For the important things you have to consider, think like a venture capitalist: jot down everything you can on the subject you're trying to decide on ( the pros, cons for example) and read it out loud.
This is almost like writing an investment memo for a V.C. investment: for this situation, the investment is of your time, money, energy, etc.
Perseverance is about as important to achievement as gasoline is to driving a car. Sure, there will be times when you feel like you're spinning your wheels, but you'll always get out of the rut with genuine perseverance. Without it, you won't even be able to start your engine.
Instead of describing the things you want to do or the places you want to go, you’re going to describe what you actually do with your time.
Keep a diary of your activities. Make an entry in your time diary at least once every 30 minutes, and keep this up for at least a week. It forces you to see what you're actually doing and what you're not doing.
I used to suffer from FOMO. That is, "Fear of Missing Out." You've probably heard of it. Hell, you probably suffer from it in one form or another. For me, for a number of years, it was travel. Show me a pretty picture and my knee-jerk reaction was that I needed to sell my last pair of shoes to go there.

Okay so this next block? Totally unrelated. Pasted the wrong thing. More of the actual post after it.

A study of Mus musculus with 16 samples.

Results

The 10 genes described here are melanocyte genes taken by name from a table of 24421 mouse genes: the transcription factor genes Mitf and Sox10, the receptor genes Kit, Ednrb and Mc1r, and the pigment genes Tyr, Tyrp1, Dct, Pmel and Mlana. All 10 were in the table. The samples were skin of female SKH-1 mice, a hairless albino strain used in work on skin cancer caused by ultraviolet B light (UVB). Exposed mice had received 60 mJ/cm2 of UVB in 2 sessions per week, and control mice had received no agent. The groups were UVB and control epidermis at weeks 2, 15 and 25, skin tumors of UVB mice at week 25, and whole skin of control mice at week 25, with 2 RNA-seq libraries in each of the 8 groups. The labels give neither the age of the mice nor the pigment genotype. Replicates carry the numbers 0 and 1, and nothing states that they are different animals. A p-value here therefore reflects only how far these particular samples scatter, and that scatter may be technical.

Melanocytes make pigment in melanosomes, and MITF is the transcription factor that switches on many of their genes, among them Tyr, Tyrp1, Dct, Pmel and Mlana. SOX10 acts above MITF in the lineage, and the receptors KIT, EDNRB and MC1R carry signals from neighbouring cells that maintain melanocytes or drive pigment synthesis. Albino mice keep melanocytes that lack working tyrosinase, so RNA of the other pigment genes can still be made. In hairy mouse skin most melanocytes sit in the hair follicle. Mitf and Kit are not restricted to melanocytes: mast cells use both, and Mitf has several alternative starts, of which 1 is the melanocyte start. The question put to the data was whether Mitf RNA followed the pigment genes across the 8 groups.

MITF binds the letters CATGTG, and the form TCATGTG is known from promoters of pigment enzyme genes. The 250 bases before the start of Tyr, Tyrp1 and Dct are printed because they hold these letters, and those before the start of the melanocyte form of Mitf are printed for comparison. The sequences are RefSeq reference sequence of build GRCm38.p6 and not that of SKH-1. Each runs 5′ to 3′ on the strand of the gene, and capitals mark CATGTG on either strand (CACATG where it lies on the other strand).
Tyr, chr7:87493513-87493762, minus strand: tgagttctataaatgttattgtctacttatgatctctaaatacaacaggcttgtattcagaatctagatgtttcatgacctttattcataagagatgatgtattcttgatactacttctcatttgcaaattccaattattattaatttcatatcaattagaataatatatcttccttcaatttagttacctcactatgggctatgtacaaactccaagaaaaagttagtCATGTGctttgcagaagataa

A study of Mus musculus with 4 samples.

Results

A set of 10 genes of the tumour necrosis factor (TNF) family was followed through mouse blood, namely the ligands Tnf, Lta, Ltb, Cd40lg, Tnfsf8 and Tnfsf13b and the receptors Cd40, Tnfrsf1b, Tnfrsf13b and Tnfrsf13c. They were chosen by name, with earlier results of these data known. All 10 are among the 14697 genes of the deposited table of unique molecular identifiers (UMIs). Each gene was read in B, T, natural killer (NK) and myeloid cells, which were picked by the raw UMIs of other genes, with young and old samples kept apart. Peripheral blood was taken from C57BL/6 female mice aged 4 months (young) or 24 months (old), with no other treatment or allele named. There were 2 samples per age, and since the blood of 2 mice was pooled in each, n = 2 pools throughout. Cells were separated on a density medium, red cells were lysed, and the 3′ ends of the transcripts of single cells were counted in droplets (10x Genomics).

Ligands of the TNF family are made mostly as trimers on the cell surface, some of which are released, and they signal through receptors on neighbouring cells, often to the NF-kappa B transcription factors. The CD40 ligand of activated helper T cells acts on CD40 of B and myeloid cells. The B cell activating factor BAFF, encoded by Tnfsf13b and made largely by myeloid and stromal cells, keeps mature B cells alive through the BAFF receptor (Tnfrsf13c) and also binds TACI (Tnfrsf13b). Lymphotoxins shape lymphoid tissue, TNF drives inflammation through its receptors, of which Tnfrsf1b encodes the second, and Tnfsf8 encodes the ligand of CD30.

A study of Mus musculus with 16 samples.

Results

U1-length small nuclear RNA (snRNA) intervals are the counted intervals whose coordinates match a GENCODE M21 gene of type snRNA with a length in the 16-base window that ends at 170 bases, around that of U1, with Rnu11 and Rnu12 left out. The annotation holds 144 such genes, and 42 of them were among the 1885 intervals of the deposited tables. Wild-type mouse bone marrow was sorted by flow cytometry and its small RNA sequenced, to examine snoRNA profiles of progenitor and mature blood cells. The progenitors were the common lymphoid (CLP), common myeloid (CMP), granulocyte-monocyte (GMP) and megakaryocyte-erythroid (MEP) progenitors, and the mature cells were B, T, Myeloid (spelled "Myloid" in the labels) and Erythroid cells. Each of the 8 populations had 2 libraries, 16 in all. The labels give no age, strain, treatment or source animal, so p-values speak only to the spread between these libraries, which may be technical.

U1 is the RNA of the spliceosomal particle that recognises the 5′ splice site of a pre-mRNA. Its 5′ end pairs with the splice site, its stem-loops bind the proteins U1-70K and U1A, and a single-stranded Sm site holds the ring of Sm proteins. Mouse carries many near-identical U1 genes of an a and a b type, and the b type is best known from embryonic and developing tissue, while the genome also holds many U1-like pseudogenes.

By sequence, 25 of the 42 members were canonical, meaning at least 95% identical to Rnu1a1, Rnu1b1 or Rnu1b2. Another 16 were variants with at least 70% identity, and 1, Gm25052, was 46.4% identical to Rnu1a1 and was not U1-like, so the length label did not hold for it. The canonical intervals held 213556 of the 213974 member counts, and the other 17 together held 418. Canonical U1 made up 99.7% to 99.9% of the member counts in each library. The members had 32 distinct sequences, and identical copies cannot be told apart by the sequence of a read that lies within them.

FOMO make us want to accumulate as many experiences as possible, but at the same time, it robs those experiences of any real meaning. That's because it causes people to make their decisions based not on the reality of the experience, but rather the imagined experience.
The way to get out of feeling FOMO is to start killing those fantasies that you’re letting rule your decision making.And that means understanding there’s no such thing as a perfect night out or a perfect party.
Sleep doctor Michael Breus says creating the perfect daily routine is about figuring out your chronotype, or your preference for mornings or evenings. According to Dr. Breus, there are four main chronotypes: bears, dolphins, lions, and wolves.